A ceiling fan with a light can help lower your electric bills for cooling in the summer, move warm air around your house during the winter, and brighten a room. It's easiest to replace an existing light fixture with your new fan and light combination, because you won't need to run any new electrical wiring to it. The installation will be simplified if you have attic access above where you'll be installing your new fan, but that access isn't necessary.
Things You'll Need
Hanger bracket kit
Adjustable crescent wrench
Turn off the breaker that supplies power to the light fixture you'll be replacing. Check the connections at the fixture with a voltmeter to ensure the power is off. Disassemble the existing light fixture with a screwdriver and remove it. For added safety, install wire nuts on the bare wires until you're ready to attach the new fan wires.
Install the support bracket and electrical box for the new fan and light combination, using a screwdriver and the supplied screws. The support bracket may require an adjustable crescent wrench to tighten the bracket between the studs. Ceiling fans have heavy motors; the electrical boxes used for ceiling light fixtures are not strong enough to support a ceiling fan. You may need to cut some additional drywall from the ceiling to allow for the heavier-duty support bracket and electrical box. Trace the outline of the new electrical box with a pencil, and cut the new opening with a drywall or keyhole saw.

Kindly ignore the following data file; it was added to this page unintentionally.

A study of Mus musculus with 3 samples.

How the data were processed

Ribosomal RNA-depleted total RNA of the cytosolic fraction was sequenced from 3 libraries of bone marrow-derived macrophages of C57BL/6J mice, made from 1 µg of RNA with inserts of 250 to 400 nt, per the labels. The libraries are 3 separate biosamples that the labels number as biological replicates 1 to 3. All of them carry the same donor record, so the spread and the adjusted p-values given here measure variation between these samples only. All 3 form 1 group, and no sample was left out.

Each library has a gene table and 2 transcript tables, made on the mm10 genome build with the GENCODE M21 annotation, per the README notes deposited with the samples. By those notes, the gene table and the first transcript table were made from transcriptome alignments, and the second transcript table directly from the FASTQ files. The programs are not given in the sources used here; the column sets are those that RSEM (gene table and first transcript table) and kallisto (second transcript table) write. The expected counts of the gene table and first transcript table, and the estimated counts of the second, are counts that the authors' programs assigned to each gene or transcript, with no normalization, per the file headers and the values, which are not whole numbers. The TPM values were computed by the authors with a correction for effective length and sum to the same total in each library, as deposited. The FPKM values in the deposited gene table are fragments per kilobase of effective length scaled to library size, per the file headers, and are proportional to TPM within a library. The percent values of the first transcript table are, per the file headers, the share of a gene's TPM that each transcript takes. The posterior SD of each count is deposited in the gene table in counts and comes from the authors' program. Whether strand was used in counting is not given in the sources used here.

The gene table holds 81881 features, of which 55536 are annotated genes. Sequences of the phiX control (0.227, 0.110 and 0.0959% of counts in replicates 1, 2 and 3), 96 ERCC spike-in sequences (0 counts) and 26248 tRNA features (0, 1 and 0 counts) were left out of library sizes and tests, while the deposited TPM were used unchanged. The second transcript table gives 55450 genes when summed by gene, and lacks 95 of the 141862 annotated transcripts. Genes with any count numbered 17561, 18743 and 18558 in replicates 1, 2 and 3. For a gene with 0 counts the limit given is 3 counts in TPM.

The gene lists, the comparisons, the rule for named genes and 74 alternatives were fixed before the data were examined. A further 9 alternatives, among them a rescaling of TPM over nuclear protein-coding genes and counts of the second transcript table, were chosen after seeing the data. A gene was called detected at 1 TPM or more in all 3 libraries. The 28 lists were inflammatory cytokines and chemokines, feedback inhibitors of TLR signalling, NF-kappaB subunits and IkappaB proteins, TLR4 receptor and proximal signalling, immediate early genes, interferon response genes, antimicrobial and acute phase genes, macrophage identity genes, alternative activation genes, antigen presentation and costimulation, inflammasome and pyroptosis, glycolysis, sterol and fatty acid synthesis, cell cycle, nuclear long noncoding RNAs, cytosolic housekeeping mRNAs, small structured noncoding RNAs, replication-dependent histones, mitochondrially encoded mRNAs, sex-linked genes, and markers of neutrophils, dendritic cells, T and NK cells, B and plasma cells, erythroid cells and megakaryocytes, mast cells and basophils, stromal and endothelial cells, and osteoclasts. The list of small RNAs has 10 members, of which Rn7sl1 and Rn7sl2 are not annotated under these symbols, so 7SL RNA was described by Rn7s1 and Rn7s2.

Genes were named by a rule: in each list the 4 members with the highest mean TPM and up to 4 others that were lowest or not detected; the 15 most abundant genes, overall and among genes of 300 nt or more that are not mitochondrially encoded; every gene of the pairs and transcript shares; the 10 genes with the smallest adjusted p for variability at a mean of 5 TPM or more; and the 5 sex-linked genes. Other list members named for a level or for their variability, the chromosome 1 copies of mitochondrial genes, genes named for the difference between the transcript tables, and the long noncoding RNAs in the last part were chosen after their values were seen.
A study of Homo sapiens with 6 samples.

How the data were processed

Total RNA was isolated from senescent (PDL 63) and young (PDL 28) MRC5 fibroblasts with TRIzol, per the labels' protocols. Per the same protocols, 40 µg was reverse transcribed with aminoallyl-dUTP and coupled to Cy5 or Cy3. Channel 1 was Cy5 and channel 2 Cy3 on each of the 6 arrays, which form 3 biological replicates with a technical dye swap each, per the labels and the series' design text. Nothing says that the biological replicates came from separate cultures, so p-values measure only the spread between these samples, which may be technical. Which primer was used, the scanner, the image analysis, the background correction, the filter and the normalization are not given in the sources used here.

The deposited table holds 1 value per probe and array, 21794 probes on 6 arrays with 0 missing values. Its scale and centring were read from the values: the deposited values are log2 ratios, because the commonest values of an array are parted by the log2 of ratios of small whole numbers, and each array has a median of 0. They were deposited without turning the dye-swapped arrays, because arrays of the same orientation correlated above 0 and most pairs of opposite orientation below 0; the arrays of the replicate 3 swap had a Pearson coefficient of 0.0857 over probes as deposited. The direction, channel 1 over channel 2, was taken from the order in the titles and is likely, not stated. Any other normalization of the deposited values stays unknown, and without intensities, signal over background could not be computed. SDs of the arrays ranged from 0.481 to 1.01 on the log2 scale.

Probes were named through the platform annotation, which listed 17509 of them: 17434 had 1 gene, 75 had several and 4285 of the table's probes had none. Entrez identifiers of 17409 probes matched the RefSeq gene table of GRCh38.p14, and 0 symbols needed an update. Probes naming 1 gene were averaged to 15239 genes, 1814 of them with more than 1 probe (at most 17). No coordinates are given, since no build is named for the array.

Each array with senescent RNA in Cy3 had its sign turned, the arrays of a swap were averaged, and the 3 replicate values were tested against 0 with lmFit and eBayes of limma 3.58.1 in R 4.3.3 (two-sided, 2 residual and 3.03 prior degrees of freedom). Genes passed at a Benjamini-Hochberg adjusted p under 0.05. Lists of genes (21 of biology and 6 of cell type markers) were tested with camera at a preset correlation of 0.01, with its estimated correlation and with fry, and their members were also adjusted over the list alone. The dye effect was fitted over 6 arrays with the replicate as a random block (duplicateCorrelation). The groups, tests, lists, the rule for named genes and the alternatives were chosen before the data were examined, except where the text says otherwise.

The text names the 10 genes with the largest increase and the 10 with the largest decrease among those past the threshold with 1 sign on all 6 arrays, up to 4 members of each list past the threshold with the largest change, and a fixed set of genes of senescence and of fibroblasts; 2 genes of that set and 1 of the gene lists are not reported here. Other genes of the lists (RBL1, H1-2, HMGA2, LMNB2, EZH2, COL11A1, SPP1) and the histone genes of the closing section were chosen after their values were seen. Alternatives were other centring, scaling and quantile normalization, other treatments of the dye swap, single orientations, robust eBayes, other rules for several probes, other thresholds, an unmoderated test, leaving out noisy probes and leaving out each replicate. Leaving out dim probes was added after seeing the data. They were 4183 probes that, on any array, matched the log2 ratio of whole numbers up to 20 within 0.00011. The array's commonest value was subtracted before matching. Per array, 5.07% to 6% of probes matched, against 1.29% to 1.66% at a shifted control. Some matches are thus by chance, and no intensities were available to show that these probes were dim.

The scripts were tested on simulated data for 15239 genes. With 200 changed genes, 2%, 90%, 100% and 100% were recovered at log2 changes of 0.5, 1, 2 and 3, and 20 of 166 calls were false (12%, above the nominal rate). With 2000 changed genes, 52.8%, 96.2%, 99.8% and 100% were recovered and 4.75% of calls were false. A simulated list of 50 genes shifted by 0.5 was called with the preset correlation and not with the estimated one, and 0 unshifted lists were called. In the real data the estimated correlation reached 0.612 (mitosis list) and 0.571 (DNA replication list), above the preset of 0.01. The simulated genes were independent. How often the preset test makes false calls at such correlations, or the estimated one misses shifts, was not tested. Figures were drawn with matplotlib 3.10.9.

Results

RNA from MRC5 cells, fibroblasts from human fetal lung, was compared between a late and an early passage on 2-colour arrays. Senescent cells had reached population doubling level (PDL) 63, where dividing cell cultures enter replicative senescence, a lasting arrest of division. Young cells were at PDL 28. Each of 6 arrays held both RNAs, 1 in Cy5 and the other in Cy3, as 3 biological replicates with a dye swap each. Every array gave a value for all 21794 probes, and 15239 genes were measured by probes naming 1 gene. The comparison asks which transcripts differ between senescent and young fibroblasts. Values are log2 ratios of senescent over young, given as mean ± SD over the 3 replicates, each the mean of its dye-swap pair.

Attach the new hanger bracket to the ceiling studs using the manufacturer's directions, and mount the new electrical box. Pull the power wires into the electrical box and secure them in place with a lock nut. Mount any decorative plate that came with your fan, routing the electrical wires through the opening in the plate.
Lift the ceiling fan motor unit into place and have an assistant support it. Remove the safety wire nuts from the power wires, and match the white wires, the black wires, and ground wires. Install the wire nuts, and wrap electrical tape tightly around each of the paired wires where they enter the wire nut. Push the paired wires into the electrical box, making sure that the wires are not crimped. Bolt the fan motor assembly into place.
Screw the fan blades to the mounting arms, and attach the blade assembly to the motor shaft. Make sure the screw holding the blade assembly to the motor shift is well-tightened. Install any decorative light shades that came with the fan over the light sockets, holding them in place with the set screws provided. Do not overtighten the screws, or you could crack a light shade.
Restore power to the fixture wiring at the circuit breaker and test the fan and lights. On most fan/light units, the lower chain will control the lights, and the upper chain will control the fan speeds. If you can reverse the directions on your fan motor—often with a slide switch on the side of the fan body—adjust it to blow air downward in the summer, and to pull air upward toward the ceiling during the winter.